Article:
Tuesday, March 6, 2012

Egg maturation can help women become pregnant

There are various reasons for normal pregnancy to fail. To aid with the fertilisation process, where an egg and a sperm cell come together, scientists have developed in vitro fertilisation (IVF). With this technique, an egg and sperm cell are put together in a tube to be fertilised artificially. After that, the embryo-to-be is placed back in the uterus. It yields result similar to a normal pregnancy, though with IVF there is higher risk of multiple births. And the pregnancy technique does not always work: if a woman fails to produce fully matured egg cells, scientists are unable to fertilise it outside of the womb. However, at the University of Gothenburg a mechanism was found that aids in creating fully-fledged eggs that can be used to get pregnant. This ought to be a great help for couples that, despite IVF, cannot reproduce. 

Women are born with a large set of immature egg cells, that need to develop during life before they can be used to get pregnant. Normally, egg maturation starts around puberty, and the female body releases on average one egg per month, during a period that is called ovulation. Immature cells, known as oocytes, sit around in the ovary and wait until they receive signals that tell them to start maturing. If this process is not properly developed, a women cannot become pregnant due to lack of usable eggs. 

At the University of Gothenburg, they found a molecule that ought to aid with the maturation process. It is called CDK1, and is part of a large family of molecules. They respond to certain signals: in particular CDK1 responds to a hormone partly responsible for the cycle in which an egg cell is released each month. Without CDK1, an oocyte cannot complete the maturation process and is left in an immature state. They may receive the right signals, but they lack the molecule that transforms it into actions. That is what scientists found when they knocked out the molecule in mice. It is likely that the process is very similar in humans.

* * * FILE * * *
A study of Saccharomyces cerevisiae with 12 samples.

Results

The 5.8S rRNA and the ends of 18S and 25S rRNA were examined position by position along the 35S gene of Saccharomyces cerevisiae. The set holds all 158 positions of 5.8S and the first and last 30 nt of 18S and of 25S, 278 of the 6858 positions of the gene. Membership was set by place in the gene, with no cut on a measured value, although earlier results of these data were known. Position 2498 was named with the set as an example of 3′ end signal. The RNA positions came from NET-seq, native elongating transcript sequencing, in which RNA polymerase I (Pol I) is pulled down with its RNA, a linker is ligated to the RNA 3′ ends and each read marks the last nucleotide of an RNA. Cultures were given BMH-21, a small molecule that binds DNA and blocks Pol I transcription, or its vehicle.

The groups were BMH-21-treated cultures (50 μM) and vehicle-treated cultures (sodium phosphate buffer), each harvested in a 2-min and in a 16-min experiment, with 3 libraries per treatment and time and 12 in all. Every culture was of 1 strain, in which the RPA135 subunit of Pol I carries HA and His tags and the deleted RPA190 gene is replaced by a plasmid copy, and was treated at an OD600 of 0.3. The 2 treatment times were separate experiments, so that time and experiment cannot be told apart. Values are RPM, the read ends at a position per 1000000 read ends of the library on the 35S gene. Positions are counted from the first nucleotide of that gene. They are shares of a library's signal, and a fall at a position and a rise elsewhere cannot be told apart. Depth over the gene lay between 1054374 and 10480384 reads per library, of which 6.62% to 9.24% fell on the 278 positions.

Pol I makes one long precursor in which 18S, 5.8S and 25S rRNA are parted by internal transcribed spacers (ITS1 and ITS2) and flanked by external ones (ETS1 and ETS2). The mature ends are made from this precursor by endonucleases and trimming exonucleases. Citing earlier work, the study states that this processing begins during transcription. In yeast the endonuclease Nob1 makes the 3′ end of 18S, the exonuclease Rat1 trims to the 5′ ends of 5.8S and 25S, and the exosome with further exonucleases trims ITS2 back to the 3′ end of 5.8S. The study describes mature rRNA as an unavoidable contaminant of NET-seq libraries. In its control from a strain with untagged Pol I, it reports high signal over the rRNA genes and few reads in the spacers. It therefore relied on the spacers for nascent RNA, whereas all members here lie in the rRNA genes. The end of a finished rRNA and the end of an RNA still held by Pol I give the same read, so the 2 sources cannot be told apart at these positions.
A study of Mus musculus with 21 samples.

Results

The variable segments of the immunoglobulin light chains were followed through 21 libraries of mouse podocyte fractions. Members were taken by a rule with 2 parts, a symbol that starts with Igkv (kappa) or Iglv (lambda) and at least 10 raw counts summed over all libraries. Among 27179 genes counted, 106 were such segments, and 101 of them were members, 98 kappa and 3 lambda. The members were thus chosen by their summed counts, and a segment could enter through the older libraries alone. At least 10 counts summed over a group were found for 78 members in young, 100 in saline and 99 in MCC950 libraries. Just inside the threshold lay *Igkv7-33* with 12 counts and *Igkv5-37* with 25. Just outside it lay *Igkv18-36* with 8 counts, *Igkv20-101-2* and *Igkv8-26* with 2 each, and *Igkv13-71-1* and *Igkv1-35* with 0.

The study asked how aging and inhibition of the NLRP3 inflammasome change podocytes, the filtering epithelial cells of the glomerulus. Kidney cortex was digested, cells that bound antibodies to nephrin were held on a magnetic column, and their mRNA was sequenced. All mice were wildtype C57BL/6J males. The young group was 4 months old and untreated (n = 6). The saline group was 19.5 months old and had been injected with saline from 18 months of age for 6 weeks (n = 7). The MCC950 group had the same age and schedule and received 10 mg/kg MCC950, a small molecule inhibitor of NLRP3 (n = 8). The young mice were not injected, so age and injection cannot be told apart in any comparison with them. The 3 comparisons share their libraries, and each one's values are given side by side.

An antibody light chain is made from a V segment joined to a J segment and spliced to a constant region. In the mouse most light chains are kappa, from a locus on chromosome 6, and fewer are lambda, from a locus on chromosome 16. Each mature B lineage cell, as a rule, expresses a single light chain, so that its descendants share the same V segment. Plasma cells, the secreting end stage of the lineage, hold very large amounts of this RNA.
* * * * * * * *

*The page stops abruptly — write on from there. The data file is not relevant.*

In addition to knocking out CDK1, the scientists tried to re-introduce the molecule into the ovary, and found that it restarted the egg production process. It shows that we may be able to treat females that are unable to get pregnant because they cannot produce fully-fledged egg cells. Mice are often used as a model for human fertility, but it is of course necessary to starts tests on immature human egg cells. At the University of Gothenburg, they hope to start such experiments soon. Thereafter, a suitable therapy could be developed to cure this form of infertility, rendering more women able to fulfill their wish to bear a child.